Though Hemingway popularized the mojito with a single backhanded compliment to his favorite Havana watering holes, declaring, “My mojito in La Bodeguita, my daiquiri in El Floridita,” the cocktail’s origin can be traced back to the sixteenth-century el Draque, a crude blend of lime, sugar, and aguardiente, invented by pirates on expedition with Sir Francis Drake. [Editor’s Note: Aguardiente is an anise-flavored, sugarcane-based liquor that roughly translates to “firewater.” Sounds like our kind of elixir.] Eventually, the aguardiente was replaced with smooth, light-bodied rums elaborated in the late 1800s and the Mojito was cast. This recipe comes from my uncle Guillermo Tremols who learned it from Deus, a bartender at Havana’s Miramar Yacht Club.–Ana Sofía Peláez
LC What’s In A Name? Note
In the very fine collection of Cuban recipes in which we happened upon this mojito recipe, the author casually mentions that the word “mojito” is roughly translated as “little spell.” While we couldn’t verify this rumor, we quite like the notion, almost as much as we like the namesake cocktail responsible for said “little spell.” One thing we realized while testing this mojito recipe, though, is that the “proper” proportions of ingredients required to cast this spell are a very personal thing. While we gravitate toward the proportions in the recipe below, if you don’t, just tweak with additional ingredients as you deem fit, sipping and stirring as you go.
- Quick Glance
- 5 M
- 5 M
- Serves 1
- 12 mint leaves with stems, preferably spearmint, plus more for garnish
- 1 ounce (2 tablespoons) fresh lime juice
- 1 1/2 tablespoons confectioners’ sugar* or granulated sugar, plus more to taste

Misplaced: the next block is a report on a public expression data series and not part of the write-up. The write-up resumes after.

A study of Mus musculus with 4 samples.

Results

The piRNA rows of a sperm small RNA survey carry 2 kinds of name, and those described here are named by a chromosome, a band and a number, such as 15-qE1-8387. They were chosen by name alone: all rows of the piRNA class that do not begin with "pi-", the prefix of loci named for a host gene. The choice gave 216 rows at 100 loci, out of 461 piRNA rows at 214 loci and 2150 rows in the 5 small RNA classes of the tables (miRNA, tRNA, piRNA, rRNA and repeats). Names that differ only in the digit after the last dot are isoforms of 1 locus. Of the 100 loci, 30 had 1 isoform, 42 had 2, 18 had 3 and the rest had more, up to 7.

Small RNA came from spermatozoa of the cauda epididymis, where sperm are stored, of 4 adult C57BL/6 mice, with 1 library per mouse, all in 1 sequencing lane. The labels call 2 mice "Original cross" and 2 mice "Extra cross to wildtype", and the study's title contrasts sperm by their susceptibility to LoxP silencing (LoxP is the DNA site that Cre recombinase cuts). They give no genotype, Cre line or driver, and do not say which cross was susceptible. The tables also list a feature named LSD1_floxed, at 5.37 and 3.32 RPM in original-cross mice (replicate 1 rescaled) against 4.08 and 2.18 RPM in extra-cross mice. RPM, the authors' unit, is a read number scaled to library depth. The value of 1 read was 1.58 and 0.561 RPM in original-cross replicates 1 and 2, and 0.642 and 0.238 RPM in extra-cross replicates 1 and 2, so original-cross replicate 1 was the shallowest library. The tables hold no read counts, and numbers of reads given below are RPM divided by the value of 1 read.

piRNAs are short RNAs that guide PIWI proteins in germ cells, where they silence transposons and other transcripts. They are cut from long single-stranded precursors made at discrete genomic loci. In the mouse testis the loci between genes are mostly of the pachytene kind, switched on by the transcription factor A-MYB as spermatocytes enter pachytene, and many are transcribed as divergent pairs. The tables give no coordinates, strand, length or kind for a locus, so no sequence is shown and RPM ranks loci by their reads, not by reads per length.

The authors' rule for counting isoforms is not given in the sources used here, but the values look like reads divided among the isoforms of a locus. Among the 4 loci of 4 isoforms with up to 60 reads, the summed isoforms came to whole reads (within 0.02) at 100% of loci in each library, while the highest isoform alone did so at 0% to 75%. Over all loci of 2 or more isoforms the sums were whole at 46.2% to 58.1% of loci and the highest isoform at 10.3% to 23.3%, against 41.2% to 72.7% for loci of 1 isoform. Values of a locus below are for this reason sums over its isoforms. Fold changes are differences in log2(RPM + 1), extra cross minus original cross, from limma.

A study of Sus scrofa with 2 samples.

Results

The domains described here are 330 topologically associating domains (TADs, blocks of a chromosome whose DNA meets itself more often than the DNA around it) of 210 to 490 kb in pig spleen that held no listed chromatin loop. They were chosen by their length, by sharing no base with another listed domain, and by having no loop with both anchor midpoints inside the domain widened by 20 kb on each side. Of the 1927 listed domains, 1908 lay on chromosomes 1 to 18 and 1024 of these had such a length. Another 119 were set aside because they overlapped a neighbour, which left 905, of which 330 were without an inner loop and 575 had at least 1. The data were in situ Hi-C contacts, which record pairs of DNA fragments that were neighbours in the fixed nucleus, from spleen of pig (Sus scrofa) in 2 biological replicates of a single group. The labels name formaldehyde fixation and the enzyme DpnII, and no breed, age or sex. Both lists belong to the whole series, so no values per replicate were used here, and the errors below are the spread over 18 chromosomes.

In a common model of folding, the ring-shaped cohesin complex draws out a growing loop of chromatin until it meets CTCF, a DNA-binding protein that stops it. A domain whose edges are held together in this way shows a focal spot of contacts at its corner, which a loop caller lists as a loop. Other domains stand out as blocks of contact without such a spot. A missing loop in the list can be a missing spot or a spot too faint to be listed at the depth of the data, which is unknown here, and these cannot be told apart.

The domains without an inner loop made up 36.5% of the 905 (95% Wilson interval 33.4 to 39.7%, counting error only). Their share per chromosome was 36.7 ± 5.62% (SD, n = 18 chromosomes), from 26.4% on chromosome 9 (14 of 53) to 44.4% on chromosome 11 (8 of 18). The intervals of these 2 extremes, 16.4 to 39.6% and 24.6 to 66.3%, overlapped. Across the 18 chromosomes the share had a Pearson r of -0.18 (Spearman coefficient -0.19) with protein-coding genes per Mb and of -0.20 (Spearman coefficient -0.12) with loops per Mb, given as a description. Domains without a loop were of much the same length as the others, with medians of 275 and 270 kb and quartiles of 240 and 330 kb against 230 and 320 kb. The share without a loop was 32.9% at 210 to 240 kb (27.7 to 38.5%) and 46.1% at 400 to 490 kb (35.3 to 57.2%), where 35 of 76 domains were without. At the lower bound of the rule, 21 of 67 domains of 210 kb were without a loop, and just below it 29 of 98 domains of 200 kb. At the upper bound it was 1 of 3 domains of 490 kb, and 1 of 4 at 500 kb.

- 2 1/2 ounces (5 tablespoons) white rum
- 2 to 3 ounces (1/4 to 1/3 cup) club soda
- 1 to 2 dashes Angostura bitters (optional)
- 1. Using a muddler or the end of a wooden spoon, muddle the mint, lime juice, and sugar in an 8-ounce glass until the mint is gently bruised.
- 2. Stir in the rum and add some ice. Top it off with club soda. Add Angostura bitters, if using. Garnish with a sprig of mint.
*Confectioners' Sugar Note
- Lest you think the only brilliance in this recipe is the taste, you’re wrong. This recipe cleverly calls for confectioners’ sugar rather than simple syrup or granulated sugar. Because it dissolves just as readily as simple syrup and far more so than granulated sugar, this means no more stirring like crazy and still having gritty granulated sugar at the bottom of your cocktail. It also means no more waiting to take a sip of your summer cocktail until you take the time to make and chill some simple syrup. Talk about casting a little spell. (If you don’t have confectioners’ sugar and it’s one of those days when happy hour cannot come soon enough, you can use granulated sugar. You’ll still feel the magic, we promise.)